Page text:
BEDFORD DELVES INTO THE ROLE OF ‘RICHARD II’
“I hate using the word ‘God.’ It’s a word I find very troubling.”
Musing on his interpretation of the title role in “Richard II” for the Old Globe Theatre’s Festival ’86, actor Brian Bedford was deep into the more profound layers of Shakespeare’s tragedy.
“You could just say ‘Self,’ but then some people wouldn’t understand that,” he ventured.
The 51-year-old actor was lounging comfortably in a bright green sweat shirt and white shorts, but his boyish face suddenly reflected something distant, disturbing. As he spoke, slowly, his expressions became Richard’s expressions. It was like watching a capsule version of Bedford’s stage performance.
“The truth in the case of Richard II . . . is that there is huge and wonderful irony in that this man thinks he’s chosen by God, thinks he knows God, thinks God is his best friend and his sherpa, the man who is leading him. He thinks he’s kind of literally on top of the world.
“And then, after events which he couldn’t conceive could possibly happen, where he loses everything--he loses his kingdom, he loses his wife, he loses everything he owns, and he practically loses his mind--when he ends up in prison, just about to be murdered, he realizes that in order to be anything in this world, you have to be nothing.”
Bedford first played the difficult role three years ago at Canada’s Stratford (Ontario) Festival. The English actor, who lives now in Upstate New York, spent eight seasons at Stratford, playing some of the juiciest roles in dramatic literature.
But “Richard II” presented challenges he never quite resolved, Bedford said. Not until his second go-round with the ill-fated king.
“It’s a weird and diversified character,” he said. “It’s harder than Hamlet, it’s harder than Lear--not that I’ve played Lear--it’s harder than Richard III, because the drama is on such a spiritual level. I think this time, certainly in my own mind, I’ve managed to reconcile all the aspects of it.”
For Bedford, the troublesome characteristics are epitomized in the scene in which Richard gives up the throne to his cousin, Bolingbroke (who became Henry IV).
“In the middle of this abdication scene, (Richard) asks for a mirror to be brought in, because,” Bedford gives an odd, wry laugh, “he wants to have a look at his face now that he has no majesty and no power. I knew it was sort of an extreme aspect of Richard’s character. . . . Now I think I know why he does it--because I think he is a child. I think he manages to retain that wonderful innocence of a child, even though he’s a very, very extravagant character, and maddening and vain.
“It’s a typical Shakespearean theme in that Richard is not really suited to his position. Henry IV was a much more appropriate man for the needs of that time. He was a warrior, he was a meat-and-potatoes man, you know, and Richard II was a sensitive, frivolous, poetic, mystical creature.”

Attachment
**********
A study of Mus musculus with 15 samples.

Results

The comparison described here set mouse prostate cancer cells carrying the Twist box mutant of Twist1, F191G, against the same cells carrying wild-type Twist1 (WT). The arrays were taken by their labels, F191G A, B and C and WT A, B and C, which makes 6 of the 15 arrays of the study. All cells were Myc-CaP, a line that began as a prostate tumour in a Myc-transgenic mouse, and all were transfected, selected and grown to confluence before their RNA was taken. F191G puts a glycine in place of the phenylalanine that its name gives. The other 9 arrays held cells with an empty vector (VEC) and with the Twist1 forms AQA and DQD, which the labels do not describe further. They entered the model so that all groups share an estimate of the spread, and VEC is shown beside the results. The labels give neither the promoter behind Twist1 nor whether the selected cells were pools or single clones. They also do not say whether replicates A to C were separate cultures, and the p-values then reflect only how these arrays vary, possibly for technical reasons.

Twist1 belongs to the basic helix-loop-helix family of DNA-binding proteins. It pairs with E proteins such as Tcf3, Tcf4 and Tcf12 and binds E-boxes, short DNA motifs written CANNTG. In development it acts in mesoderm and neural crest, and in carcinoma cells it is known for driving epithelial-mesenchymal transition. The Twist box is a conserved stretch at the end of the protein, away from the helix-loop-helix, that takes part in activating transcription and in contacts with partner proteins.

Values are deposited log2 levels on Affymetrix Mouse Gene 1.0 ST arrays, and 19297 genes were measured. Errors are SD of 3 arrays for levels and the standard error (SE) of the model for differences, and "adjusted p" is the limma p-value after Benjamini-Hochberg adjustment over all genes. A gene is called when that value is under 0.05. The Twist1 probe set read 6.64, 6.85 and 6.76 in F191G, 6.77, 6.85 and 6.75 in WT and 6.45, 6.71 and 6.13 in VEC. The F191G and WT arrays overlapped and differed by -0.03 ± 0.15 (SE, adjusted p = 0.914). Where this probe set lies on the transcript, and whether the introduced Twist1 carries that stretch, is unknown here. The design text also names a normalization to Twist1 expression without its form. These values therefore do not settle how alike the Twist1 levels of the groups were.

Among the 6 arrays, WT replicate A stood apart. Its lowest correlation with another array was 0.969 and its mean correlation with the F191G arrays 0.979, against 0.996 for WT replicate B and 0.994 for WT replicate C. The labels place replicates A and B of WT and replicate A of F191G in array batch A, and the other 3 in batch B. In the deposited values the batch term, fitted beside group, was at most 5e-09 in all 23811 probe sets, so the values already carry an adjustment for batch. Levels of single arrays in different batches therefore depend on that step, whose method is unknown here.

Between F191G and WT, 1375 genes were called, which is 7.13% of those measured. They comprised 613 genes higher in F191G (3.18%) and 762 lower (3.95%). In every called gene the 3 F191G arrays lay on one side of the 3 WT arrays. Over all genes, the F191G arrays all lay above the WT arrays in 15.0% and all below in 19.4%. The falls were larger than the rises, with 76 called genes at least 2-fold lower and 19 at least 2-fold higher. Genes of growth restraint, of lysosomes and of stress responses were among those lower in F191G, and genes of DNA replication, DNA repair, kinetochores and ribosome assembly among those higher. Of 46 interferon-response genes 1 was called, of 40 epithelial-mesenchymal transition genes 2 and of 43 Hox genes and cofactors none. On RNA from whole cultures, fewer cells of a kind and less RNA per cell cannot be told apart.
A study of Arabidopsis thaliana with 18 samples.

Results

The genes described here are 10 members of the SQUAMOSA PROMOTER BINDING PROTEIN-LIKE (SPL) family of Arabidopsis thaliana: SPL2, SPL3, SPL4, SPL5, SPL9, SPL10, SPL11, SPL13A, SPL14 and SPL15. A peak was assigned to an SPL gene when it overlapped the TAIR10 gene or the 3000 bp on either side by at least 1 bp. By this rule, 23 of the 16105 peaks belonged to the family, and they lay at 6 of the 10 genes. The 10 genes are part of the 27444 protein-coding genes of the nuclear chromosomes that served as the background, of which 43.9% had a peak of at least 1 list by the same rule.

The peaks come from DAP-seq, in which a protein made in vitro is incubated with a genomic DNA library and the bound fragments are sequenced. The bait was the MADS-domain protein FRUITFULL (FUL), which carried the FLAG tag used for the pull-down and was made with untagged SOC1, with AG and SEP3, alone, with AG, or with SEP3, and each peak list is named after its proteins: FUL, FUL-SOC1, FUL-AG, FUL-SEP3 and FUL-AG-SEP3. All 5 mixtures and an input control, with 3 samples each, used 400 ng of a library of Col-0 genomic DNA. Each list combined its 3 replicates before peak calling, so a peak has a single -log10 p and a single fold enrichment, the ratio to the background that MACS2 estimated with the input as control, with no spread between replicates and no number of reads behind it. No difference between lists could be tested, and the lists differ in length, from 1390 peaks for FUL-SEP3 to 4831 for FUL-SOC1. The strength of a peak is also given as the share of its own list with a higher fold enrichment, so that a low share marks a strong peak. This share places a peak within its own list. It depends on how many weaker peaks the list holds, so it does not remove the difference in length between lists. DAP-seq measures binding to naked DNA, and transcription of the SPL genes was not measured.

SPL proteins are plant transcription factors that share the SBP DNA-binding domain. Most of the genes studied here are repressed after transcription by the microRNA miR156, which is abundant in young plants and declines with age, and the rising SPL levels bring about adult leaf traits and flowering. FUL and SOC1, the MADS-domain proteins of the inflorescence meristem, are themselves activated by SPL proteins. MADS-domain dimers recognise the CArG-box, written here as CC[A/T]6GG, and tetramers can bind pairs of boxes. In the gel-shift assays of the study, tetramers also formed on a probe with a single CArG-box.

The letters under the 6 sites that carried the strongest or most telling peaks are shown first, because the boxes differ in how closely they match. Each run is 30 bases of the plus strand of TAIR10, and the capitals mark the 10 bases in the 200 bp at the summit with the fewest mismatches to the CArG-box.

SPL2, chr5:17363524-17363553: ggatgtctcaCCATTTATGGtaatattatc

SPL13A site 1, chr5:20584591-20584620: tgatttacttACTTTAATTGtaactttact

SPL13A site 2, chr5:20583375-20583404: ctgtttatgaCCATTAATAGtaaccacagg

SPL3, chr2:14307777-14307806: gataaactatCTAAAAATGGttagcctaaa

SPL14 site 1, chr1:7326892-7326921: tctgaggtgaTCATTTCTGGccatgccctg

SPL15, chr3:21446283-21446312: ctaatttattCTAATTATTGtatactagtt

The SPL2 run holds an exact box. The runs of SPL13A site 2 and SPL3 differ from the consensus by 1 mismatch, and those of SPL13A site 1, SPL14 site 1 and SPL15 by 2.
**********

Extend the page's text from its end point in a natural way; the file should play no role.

On this particular morning, the actor seemed to enjoy taking time to contemplate Shakespeare’s brilliance--worrying only briefly that, no matter how sincere, it all might sound too pretentious on paper.
“ ‘Richard II’ is a mystical play, as are all Shakespeare’s tragedies. It’s quite cosmic,” Bedford said, and launched into a definition of the intangible “something” that gives Shakespeare’s works their lasting fascination.
“Shall we say, and even this doesn’t do it justice, but Shakespeare manages to say things that words are incapable of saying. Beyond the words, he goes. You always find with (the tragedies) that there is a huge play on the outside, all about kings and national events and war and jealousy and madness and love and ambition--all these things.
“Then, there is one layer of it where there is a single individual discovering things about himself and navigating his own way through this weird experience of his life, and usually ending up, for better or for worse, knowing himself, and consequently, knowing, for want of a better word, God.”
Bedford’s own navigation through life has taken him away from Yorkshire, England, where “my life as a child was awful, in that, you know, I had brothers dying of TB and my parents actually hating each other and all this business--and no money.” He spent two years at the Royal Academy of Dramatic Art, where his classmates included Albert Finney, Peter O’Toole and Alan Bates.
From there, he launched a richly satisfying dramatic career, working with Sir John Gielgud, Peter Brook and Maggie Smith (at Stratford); playing all the best classical roles; making films (“Grand Prix,” “The Pad and How to Use It”); starring in contemporary plays by Peter Shaffer, Tom Stoppard, Noel Coward, and generally reaping “more than my share of the best pies and the best slices.”
For his debut summer with the Old Globe, Bedford is also directing Shakespeare’s “Much Ado About Nothing,” which will open July 20 at the Lowell Davies Festival Theatre outdoor stage.
Bedford has often said that his fascination with the theater was a desire--even when he was 6 years old--to escape from dreary surroundings, to be somebody else. But he’s beginning to see it from another perspective.
“I’m glad I experienced all the crap that I did when I was a child, because as an actor, or a director, or anything to do with interpreting plays and movies and all that, you find, ironically, that the worst experiences that you have as a human being are the most resourceful ones. . . .
“You can turn the horror that you’ve experienced into something very rewarding for yourself as an actor, and consequently, of course, for other people--for thousands and thousands of other people,” he said. “The dross of your experience turns into gold for other people.”
Performances of “Richard II,” directed by Joseph Hardy, will continue through Aug. 31.